Come into the garden (and not just Maud)*

As we walked up an isolated road from the valley village to the high forest we came across a house with a beautiful rose garden.  We admired it from the road, and took photos.  Then, as we walked on, to our surprise and delight we saw this sign by the gate:


An invitation to enter and enjoy.  What generosity! Of course, we could do no other.


LREdit--4943LREdit--4947Inside we found a peaceful space packed with a mix of  roses, other flowers, salad plants, soft fruit, top fruit and vines.

Roses everywhere, with lettuces, tomatoes, gooseberries, redcurrant, quinces, kiwi, grape vines, raspberries, all in abundance.







It seems we share the same outlook on life.  And on gardens.  Thank you so much, whoever you are.

And thank you Malcolm for the flower photos – soooo much better than anything I could manage.

* an allusion to this poem by Tennyson.

About deborah @ the magic jug

Now I've passed 60 I'm still doing all sorts of things I haven't done before, as well as carrying on with the things I already love. I live a happy life with my long term love Malcolm. In my blog I explore local and low tech ideas, food, growing, making, reading, thinking, walking, and lots of other words ending in 'ing'.
This entry was posted in Community, Growing, Inspirations, Poetry party, Reflections on life (and death), Seeing differently, Travels, Walking and tagged , , , , , , , , . Bookmark the permalink.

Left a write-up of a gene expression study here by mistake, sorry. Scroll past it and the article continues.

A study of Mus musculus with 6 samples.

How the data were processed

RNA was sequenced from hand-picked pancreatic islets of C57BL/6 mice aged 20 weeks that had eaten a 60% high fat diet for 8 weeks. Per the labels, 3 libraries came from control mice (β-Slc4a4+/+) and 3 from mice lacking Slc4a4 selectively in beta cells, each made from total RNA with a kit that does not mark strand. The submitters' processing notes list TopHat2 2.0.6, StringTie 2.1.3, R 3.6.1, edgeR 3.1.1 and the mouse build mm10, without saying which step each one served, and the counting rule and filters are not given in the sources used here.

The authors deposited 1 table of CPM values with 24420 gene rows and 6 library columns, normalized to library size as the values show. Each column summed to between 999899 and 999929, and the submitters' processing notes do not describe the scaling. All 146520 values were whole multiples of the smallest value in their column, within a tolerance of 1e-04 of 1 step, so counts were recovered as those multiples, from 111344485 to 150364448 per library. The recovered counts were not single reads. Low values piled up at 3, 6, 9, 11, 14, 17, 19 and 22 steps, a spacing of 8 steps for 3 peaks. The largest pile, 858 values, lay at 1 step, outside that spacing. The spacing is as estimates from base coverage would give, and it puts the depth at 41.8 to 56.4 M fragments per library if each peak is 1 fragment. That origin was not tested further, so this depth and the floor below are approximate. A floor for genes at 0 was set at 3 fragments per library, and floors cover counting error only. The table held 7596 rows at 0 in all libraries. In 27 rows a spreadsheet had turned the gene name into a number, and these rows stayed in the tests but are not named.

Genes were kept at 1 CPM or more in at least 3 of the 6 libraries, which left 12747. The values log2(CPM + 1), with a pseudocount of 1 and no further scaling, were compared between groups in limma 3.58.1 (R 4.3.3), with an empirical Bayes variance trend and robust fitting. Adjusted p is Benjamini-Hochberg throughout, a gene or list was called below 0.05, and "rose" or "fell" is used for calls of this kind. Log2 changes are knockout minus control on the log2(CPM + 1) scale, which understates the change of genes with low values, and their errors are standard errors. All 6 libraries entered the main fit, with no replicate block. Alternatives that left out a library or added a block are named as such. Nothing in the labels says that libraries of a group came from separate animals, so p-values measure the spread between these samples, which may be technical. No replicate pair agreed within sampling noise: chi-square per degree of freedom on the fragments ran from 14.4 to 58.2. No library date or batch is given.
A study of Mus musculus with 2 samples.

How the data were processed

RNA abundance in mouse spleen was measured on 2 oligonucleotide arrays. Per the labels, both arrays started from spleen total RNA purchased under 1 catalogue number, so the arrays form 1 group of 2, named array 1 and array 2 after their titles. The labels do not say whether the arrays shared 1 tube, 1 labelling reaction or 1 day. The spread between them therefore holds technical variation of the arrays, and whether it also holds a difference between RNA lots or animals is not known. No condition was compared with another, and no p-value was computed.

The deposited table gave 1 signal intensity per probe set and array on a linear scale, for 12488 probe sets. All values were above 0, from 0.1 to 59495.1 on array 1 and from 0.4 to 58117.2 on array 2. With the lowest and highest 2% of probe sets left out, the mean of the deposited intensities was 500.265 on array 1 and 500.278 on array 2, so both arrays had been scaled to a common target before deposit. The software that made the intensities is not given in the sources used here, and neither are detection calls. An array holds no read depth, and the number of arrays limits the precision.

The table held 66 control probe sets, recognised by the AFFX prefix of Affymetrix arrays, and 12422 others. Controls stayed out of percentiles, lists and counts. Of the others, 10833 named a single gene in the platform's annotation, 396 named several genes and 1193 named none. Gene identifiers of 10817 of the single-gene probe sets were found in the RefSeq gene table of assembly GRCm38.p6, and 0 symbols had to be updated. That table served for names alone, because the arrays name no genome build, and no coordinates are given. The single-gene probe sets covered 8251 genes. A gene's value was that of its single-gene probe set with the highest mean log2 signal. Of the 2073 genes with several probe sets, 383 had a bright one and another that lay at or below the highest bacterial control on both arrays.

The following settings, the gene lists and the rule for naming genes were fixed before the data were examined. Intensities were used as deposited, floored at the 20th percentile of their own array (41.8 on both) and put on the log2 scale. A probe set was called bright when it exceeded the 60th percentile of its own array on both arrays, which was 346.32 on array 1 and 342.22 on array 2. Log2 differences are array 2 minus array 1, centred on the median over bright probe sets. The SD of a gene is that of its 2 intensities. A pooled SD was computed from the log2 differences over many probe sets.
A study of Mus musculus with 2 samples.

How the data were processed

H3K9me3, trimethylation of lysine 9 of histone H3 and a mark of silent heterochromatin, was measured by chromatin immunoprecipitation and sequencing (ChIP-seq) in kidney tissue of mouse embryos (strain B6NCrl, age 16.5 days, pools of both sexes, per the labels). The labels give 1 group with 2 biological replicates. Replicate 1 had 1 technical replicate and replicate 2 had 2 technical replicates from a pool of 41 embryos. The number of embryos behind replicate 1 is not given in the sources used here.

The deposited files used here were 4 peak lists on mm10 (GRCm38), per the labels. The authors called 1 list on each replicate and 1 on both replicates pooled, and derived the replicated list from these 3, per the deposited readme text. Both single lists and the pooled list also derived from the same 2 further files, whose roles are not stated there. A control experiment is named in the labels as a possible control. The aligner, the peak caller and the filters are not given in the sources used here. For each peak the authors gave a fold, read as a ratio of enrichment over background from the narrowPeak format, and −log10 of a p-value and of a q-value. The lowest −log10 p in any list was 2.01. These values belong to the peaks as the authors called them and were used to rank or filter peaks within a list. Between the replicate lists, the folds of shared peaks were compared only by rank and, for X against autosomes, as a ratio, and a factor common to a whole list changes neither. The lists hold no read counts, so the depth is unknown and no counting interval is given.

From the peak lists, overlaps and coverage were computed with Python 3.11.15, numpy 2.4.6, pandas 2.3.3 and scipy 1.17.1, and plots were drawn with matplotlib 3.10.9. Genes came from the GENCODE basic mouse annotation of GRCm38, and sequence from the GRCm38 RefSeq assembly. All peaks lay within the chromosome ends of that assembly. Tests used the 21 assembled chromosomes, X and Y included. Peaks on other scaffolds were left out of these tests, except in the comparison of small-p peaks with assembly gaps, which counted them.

4 Responses to Come into the garden (and not just Maud)*

  1. Cathy says:

    I’ve just discovered your blog through Jane Brocket. I think it’s lovely – and what a beautiful garden. It’s inspired me to go into mine and cut some roses to enjoy. Thank you


    • How lovely Cathy, thank you so much for taking the trouble to comment. And enjoy those roses! (I went back to the garden and found another sign saying ‘come into the garden, the roses need to be enjoyed’ – so I did).


  2. Lucille says:

    What a lovely generous idea. We have Open Gardens to visit for charity through the National Garden scheme but as ours was not on the trail, but looking particularly ravishing I did rather want to put a sign up saying ‘come in anyway’. Then someone pointed out a couple of safety hazards and I lost my nerve.


    • We do all seem to have become sadly risk averse don’t we. I’m planning to put some kind of invitation by my allotment when it’s done, as a starting point. In my working life risk assessment is a Big Thing, but I do always work hard to encourage people to focus on what’s reasonable and proportionate, not try to eliminate risk altogether. Maybe next time a sign telling people that they come in at their own risk, and do it anyway?